Hagag Oddoul: Nubia Recognized in the Egyptian Constitution

Hagag Oddoul

Hagag Oddoul

From my recent article at Arab West Report, continuing a series of interviews with members of the Committee of Fifty which wrote the constitution. Hagag Oddoul is a novelist of Nubian origin, and an advocate for their cause. The article describes his background as well as that of his people, and this excerpt defines that cause as it became defined in the constitution:

Article 236, however, was his crowning achievement, and he did not have to play the withdrawal card to win it. It specifically refers to Nubia as a geographical area:

The state shall develop and implement a plan for the comprehensive economic and urban development of border and underprivileged areas, including Upper Egypt, Sinai, Matrouh, and Nubia. This is to be achieved by the participation of the residents of these areas in the development projects and the priority in benefiting from them, taking into account the cultural and environmental patterns of the local community, within ten years from the date that this Constitution comes into effect, in the manner organized by law.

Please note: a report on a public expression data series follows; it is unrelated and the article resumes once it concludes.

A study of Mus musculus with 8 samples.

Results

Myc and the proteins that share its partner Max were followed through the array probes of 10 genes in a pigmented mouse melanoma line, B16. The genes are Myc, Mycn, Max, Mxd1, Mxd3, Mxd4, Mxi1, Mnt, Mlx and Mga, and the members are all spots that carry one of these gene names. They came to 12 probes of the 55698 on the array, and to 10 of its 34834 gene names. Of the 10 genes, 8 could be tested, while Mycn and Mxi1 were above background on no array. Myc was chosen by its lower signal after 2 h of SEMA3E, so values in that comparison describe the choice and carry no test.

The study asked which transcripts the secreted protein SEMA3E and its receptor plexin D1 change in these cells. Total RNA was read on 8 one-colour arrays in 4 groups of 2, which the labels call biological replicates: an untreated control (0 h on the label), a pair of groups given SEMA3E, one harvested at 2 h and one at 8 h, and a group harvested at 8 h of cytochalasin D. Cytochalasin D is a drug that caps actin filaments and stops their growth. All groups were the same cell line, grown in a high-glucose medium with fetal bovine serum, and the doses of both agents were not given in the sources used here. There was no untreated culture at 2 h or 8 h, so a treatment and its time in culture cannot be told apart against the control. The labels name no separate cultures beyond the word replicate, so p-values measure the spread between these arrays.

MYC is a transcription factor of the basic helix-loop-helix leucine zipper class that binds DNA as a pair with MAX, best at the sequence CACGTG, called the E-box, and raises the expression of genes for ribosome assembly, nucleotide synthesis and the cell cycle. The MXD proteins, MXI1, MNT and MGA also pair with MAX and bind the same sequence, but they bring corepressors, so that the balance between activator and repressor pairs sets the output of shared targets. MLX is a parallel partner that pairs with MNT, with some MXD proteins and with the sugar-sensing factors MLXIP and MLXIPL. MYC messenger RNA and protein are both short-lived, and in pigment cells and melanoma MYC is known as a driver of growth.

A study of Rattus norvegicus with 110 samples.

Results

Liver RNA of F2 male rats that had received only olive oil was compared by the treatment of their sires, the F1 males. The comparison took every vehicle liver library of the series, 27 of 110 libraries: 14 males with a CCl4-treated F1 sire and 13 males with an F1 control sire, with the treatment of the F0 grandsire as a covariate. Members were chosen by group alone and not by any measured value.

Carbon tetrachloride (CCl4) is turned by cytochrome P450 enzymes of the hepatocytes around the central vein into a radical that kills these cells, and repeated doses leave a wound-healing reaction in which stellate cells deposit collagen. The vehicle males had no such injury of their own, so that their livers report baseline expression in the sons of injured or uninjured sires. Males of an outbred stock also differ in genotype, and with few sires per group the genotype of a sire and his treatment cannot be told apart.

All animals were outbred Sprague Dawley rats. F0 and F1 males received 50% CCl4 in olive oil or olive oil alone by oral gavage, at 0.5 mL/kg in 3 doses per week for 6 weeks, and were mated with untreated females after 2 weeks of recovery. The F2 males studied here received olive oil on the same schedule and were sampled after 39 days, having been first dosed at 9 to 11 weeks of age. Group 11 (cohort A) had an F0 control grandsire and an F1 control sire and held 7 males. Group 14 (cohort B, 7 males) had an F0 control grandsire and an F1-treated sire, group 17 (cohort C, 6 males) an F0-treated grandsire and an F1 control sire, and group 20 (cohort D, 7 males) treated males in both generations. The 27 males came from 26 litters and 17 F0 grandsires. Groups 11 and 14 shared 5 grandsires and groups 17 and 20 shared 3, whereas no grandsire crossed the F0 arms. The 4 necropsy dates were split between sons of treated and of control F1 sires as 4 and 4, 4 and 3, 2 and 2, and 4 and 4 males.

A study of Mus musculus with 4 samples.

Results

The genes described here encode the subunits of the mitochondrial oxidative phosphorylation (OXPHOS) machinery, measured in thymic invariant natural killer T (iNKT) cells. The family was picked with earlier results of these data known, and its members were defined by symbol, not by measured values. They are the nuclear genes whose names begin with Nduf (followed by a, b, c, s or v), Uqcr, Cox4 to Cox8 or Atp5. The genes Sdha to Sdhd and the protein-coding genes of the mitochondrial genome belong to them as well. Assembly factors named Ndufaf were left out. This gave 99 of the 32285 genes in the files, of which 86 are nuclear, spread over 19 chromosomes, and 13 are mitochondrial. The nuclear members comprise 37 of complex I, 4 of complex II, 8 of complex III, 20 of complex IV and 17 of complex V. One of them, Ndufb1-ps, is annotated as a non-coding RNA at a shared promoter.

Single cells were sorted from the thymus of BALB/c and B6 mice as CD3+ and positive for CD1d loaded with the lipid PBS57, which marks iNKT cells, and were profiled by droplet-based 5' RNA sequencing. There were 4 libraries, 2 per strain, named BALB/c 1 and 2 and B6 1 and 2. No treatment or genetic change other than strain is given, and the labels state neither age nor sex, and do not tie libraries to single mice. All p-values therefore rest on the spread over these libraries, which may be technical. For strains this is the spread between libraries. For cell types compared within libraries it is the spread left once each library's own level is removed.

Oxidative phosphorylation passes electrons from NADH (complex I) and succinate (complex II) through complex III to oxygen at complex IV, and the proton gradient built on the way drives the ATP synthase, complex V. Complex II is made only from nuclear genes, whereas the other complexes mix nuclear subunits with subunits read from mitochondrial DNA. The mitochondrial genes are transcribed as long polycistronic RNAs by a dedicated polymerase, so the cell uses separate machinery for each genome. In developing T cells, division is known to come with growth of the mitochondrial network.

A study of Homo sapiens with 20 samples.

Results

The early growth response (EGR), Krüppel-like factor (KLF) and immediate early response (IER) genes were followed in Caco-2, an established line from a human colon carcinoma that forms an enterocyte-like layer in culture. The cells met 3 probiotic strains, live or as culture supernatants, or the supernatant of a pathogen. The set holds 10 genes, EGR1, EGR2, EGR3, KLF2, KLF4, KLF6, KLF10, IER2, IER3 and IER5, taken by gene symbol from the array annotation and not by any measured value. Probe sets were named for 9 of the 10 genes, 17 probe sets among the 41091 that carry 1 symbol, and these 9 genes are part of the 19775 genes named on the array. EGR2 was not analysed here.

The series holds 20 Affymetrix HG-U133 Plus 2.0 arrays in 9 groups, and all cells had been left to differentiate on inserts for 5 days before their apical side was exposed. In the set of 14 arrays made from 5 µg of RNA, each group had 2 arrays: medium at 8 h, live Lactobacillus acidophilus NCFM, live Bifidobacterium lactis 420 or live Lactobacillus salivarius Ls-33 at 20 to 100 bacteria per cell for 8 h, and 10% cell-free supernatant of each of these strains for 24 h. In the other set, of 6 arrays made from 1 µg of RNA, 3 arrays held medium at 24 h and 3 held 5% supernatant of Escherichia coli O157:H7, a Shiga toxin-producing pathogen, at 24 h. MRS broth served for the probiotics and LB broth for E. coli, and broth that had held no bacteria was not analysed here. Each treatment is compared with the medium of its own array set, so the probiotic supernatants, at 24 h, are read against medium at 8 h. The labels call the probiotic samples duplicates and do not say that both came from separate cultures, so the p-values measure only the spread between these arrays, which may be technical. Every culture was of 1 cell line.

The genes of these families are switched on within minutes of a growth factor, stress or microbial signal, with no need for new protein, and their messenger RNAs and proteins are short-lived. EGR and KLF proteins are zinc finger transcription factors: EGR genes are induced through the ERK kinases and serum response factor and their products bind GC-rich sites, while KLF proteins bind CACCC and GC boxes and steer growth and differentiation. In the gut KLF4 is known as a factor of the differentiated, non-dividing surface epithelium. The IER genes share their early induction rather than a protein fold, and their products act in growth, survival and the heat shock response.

The state works on developing and implementing projects to bring back the residents of Nubia to their original areas and develop them within 10 years in the manner organized by law.

It should be noted the term ‘right of return’ does not appear in this article, and that is fine with Udūl. He recognized this expression was charged with connections to the Palestinian issue, which would only serve to distract the discussion. It is the concept he advocated for, and he faced little opposition from his colleagues.

Recognition that the border areas of Egypt needed development that involved local residents was easily achieved, the language of which pleased Udūl as a great achievement. But there was some discussion about how to term the responsibility of the state in returning the residents of Nubia to their original areas. He personally wanted the state to be ‘obligated’, while a lesser wording ‘to secure’ was also rejected. In the end he was satisfied with ‘works’, because it was accompanied by a timeframe of ten years. Being measurable, it must happen.

Oddoul also describes the negotiations over anti-discrimination articles and those pertaining to culture. Please click here to read the rest of the article at Arab West Report.